How Often Should I Recalibrate My Accelerometer?
By Mike Dillon, TMS Calibration Team Leader
We are frequently asked this question either in phone conversations or online discussion forums. For what seems like a simple question, we have both a simple, if unsatisfying answer of “it depends…” and a more thorough analysis upon what “it depends.” In short, how often you recalibrate an accelerometer is a balance between the risk of not calibrating and the cost of calibrating.
The Costs of Recalibration
The cost of recalibration is relatively low for an organization that invests in an automated calibration system. These systems can perform a globally standardized calibration in less than 60 seconds per axis, apply pass/fail criteria, automatically store the data, and generate a report.
Organizations that perform 60 or more calibrations per year frequently justify the investment in a calibration system. Those with fewer can acquire outsourced services from an accredited laboratory. In either case, the cost for doing so is justified by the risk of not doing so.
The Risk of Not Calibrating
When we think of risk, we think of first defining the risk, then assessing the risk, and finally risk management.
Define the Risk
First we define what the hypothetical risk event is: In this case, we will say – “My accelerometer was damaged when it fell from the table. The damage is such that it will adversely affect the sensing of the data I collect with it.”
Risk is assessed in two dimensions: the probability of an event occurring and the impact of the event if it does occur.
Probability of the Risk Event
First we ask – “What is the percent probability that the accelerometer was damaged?” To answer this absolutely, we would drop an accelerometer from the same height many times and calibrate it each time to see if it was damaged. Perhaps it is not too practical to know this absolutely.
Impact of the Risk Event
What we may know better (at least qualitatively, not quantitatively) is the impact on our operations if the accelerometer is damaged in the way we described in the risk event definition. This depends greatly on the next use of the sensor. Will it be used to monitor or test a newly modified product? If monitoring a product, do we rely upon the data to provide human safety? If testing, will the data be used to make design changes that are not easily reversed? These are high-impact situations. A low-impact situation would be if I were to use it for my daughter's 6th grade science project. Often, this risk is plotted visually on a classic ‘5x5’ matrix to visualize it.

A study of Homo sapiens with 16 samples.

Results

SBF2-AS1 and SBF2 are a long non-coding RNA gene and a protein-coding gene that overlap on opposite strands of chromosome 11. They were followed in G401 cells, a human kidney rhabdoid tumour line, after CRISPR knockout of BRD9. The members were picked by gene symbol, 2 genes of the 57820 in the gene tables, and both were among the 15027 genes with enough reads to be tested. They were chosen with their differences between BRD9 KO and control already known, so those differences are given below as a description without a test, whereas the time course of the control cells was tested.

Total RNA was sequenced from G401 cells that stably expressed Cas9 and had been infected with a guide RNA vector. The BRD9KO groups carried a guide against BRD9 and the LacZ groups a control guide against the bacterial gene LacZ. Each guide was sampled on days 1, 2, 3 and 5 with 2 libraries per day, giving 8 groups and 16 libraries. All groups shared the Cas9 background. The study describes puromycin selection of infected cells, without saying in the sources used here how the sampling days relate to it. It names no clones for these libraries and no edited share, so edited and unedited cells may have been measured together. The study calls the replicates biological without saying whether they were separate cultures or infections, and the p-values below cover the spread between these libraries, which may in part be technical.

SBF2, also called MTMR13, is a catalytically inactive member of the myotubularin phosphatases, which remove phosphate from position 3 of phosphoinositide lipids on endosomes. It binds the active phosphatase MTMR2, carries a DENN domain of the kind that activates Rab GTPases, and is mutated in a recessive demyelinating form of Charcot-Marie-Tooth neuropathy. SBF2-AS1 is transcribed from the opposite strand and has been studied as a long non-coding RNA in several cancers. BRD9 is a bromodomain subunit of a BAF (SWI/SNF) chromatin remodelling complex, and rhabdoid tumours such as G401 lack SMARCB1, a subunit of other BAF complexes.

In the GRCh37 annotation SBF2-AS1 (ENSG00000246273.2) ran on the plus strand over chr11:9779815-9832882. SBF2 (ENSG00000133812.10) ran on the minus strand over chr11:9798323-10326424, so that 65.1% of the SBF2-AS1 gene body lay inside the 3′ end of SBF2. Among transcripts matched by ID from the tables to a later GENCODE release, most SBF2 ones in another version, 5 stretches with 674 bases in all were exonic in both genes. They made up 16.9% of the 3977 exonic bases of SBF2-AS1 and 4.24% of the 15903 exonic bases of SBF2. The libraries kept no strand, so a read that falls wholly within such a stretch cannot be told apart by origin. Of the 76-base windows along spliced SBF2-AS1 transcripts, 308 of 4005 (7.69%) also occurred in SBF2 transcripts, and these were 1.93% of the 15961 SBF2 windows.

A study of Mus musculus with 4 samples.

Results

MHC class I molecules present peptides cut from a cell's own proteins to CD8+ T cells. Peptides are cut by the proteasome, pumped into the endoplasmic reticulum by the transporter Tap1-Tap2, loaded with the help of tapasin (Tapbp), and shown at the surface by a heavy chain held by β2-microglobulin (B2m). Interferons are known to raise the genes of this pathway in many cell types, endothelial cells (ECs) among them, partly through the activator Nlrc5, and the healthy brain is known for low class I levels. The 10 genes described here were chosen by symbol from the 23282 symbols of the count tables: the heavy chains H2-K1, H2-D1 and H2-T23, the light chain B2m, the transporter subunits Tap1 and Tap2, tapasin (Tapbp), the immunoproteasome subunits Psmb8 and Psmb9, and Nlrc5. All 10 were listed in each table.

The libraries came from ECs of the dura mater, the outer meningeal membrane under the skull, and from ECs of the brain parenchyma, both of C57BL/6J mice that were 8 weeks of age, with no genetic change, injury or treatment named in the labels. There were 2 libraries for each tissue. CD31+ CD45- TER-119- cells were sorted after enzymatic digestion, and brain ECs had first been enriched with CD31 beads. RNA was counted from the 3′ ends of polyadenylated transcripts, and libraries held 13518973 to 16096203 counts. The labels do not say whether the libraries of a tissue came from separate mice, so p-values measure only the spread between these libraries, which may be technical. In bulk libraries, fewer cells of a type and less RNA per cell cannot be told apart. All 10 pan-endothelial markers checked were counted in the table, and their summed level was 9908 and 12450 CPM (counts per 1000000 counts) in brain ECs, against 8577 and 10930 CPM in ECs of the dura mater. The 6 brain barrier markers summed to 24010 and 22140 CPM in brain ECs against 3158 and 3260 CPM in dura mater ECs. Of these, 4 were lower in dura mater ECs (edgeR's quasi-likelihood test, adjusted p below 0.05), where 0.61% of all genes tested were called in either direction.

Now that the risk event has been defined and evaluated (either quantitatively or qualitatively), we can evaluate our options for managing the risk.
Many options are available, but the most obvious option in our case (a damaged accelerometer) is to either calibrate the sensor or ignore the fact that it fell from the table. Calibrating an accelerometer on a modern calibration system can be performed in less than 60 seconds.
This 60-second investment eliminates any of the risk associated with the accelerometer, and is typically considered a small investment when held next to the costs discussed earlier involving safety and high-value test articles.
In addition, the total risk associated with not recalibrating is cumulative with other risk events. One commonly considered risk event is “My test results may be called into question because my instrumentation was not recalibrated in the last 12 months. This may force the organization to retake the test data.”
So How Often Should I Recalibrate?
Once again, it depends upon the evaluation of the probability and impact of all the risk events to consider. While a periodic calibration routine every 12 months may seem reasonable, it might be reckless to ignore a particular risk event for that period of time.